By a unanimous vote today, the congregation agreed to the deacons’ and overseeing pastor’s proposal to have me as a pastor in training. I’ll start 1 January 201
2 (make that 2011).
As those of you who know me personally know, I’ve never angled at the pastorate. I have never been convinced I’m the kind of person for it. I’m still not entirely convinced, but I am more certain of it than formerly. This is due to the process followed.
I have the training to be useful in a local church, as long as there’s teaching to do, or worship to lead, or anything that doesn’t require me wearing a suit—I don’t own a suit and have never bought one for myself, or even a coat for that matter. So I was keen to be of use here, and after eventually we joined the church, I was put to work. I’ve been, at times, really busy, and I sometimes miss the long, idle months before joining when my Sundays were a gradually deepening delight of reading, especially after the day of worship, and especially Henry Vaughan.
Anyway, the pastor approached me back in April or so, and wanted me to consider becoming a sort of auxiliary pastor. We have two congregations that work very closely on everything (even the budget), and the pastor of the other congregation right now oversees both. I was not entirely surprised, but still, I wondered that he should ask me. I’ve never had anybody in a position of spiritual authority suggest it to me, though plenty in no such position, which I routinely ignored.
I asked advice from some people and was surprised that the sober people, who knew me and I respected, did not discourage me. So I told the pastor I had no reason to say no.
Well, then the original scheme, which involved another person as well, fell through, and after a long wait I was recently approached again by the pastor. The deacons wanted me to formalize my connections to the church and become the pastor in our congregation, under the direction and guidance of the pastor in the other congregation. I didn’t have any reason to say no, and they felt the congregation would be accepting. So a letter was distributed last week informing the congregation of the proposal. Today they voted and it was a unanimous yes.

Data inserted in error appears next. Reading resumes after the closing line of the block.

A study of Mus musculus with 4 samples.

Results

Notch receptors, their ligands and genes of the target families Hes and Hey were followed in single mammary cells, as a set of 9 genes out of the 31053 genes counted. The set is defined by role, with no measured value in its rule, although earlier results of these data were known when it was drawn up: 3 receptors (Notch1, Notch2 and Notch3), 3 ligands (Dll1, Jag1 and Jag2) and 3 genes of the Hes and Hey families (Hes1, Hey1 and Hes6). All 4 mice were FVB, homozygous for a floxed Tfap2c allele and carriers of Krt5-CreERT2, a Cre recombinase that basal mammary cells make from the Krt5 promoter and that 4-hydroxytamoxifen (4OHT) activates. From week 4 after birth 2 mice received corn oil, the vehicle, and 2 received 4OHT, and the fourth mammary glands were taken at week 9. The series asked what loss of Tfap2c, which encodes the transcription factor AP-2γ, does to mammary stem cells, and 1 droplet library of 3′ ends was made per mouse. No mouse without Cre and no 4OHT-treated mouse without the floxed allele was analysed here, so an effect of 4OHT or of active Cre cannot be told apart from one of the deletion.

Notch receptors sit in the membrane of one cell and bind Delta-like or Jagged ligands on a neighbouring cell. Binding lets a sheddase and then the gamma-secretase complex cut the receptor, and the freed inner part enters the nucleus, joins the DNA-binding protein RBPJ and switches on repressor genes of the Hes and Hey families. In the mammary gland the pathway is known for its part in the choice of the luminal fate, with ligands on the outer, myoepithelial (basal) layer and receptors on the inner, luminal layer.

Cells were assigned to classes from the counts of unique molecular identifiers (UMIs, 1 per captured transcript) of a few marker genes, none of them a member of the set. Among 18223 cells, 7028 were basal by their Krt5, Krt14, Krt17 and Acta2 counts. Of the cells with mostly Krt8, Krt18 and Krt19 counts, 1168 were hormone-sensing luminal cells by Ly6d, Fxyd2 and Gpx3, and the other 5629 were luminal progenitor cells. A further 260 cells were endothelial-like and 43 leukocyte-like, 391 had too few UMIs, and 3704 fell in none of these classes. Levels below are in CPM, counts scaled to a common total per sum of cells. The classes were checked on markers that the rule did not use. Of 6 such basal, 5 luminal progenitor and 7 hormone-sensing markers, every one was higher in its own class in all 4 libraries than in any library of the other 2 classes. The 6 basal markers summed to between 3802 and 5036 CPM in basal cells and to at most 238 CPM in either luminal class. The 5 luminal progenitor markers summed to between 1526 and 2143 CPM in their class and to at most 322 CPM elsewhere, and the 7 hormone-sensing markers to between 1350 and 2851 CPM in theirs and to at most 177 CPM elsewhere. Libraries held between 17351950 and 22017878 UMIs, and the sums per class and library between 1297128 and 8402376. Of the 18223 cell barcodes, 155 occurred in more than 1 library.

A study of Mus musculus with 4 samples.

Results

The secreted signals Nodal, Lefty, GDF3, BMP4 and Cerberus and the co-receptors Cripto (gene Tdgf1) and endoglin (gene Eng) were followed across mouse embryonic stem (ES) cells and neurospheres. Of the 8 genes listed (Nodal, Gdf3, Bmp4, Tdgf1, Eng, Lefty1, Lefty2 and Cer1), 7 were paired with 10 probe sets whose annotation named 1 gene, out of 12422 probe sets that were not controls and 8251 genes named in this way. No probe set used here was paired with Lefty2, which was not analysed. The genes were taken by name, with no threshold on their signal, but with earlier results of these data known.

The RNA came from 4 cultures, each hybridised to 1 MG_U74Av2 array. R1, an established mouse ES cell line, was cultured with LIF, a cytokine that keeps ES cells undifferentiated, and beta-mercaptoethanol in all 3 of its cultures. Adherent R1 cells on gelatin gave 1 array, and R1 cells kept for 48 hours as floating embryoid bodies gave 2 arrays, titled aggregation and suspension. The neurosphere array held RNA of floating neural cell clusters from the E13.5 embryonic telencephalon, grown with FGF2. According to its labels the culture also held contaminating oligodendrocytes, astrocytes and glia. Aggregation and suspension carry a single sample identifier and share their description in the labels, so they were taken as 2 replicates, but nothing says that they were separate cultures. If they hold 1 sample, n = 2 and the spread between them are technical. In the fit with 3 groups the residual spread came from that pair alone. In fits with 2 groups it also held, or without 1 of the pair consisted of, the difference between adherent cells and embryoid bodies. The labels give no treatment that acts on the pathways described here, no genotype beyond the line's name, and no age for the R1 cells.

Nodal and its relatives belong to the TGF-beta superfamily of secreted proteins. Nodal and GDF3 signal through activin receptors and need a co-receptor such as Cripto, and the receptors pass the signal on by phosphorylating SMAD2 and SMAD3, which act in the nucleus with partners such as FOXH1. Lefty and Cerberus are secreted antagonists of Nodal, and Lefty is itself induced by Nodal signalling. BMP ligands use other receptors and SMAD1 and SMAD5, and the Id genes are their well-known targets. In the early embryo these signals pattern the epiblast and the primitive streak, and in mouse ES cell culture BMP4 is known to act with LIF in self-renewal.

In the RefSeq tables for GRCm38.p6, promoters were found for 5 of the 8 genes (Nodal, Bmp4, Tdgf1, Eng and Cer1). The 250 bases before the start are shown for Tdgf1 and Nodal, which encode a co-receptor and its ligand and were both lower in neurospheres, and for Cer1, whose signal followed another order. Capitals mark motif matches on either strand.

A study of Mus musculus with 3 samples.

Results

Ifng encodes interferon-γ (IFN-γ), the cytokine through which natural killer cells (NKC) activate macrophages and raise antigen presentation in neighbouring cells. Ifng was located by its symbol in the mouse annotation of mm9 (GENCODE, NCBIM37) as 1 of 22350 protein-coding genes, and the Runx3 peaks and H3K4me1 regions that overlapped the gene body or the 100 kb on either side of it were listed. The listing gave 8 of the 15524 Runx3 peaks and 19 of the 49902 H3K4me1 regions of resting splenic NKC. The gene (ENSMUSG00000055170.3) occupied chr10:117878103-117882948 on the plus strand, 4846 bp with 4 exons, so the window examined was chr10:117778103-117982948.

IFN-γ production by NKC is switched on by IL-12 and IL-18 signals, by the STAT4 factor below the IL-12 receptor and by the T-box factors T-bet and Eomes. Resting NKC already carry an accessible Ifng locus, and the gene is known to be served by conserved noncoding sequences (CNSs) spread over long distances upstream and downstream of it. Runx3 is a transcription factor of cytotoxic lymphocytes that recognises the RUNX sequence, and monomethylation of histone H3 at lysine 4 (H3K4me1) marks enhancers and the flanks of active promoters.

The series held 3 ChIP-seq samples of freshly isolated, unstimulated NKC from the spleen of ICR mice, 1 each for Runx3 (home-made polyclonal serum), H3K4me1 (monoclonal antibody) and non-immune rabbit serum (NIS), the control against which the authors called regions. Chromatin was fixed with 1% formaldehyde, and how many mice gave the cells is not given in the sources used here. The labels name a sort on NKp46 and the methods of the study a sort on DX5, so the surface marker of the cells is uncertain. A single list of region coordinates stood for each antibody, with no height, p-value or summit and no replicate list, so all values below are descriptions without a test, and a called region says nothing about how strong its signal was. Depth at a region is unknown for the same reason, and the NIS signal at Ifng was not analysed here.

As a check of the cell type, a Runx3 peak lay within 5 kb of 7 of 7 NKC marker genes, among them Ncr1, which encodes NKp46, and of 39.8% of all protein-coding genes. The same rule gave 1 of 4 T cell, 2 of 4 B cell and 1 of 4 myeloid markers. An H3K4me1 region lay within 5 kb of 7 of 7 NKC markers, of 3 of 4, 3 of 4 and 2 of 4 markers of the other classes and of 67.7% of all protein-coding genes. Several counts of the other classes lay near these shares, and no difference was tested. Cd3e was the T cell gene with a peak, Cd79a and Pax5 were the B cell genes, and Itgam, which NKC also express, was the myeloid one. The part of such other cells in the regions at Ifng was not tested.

And I’m very pleased about the way it took place. My spiritual authority suggested it, godly counsel was to go ahead, we waited a prudent, long time, and then the congregation—having had a good time to learn something about me—confirmed it. Actually, I think the way all that fell into place was ideal.
I also like the situation. I’m inexperienced and I really did not pay any attention to any pastoral anything in seminary. I don’t know what exactly it all entails, but I don’t have to go in and be in charge. I’ll work under the direction of an experienced pastor, and learn what is expected of me. No doubt there are drawbacks: the problem of another culture, my struggles with Spanish, the fact that I’m rather at a low ebb on the books I need and very likely half a dozen unanticipated things.
And all the problems, shortcomings, worrying situations and all those things, without which there would be no point for the job to begin with. Which is not to minimize them. And now to buy a suit . . . and perhaps some shoes that I can wear with a suit . . . and see if this turns out to be the beginning of the rest of my life.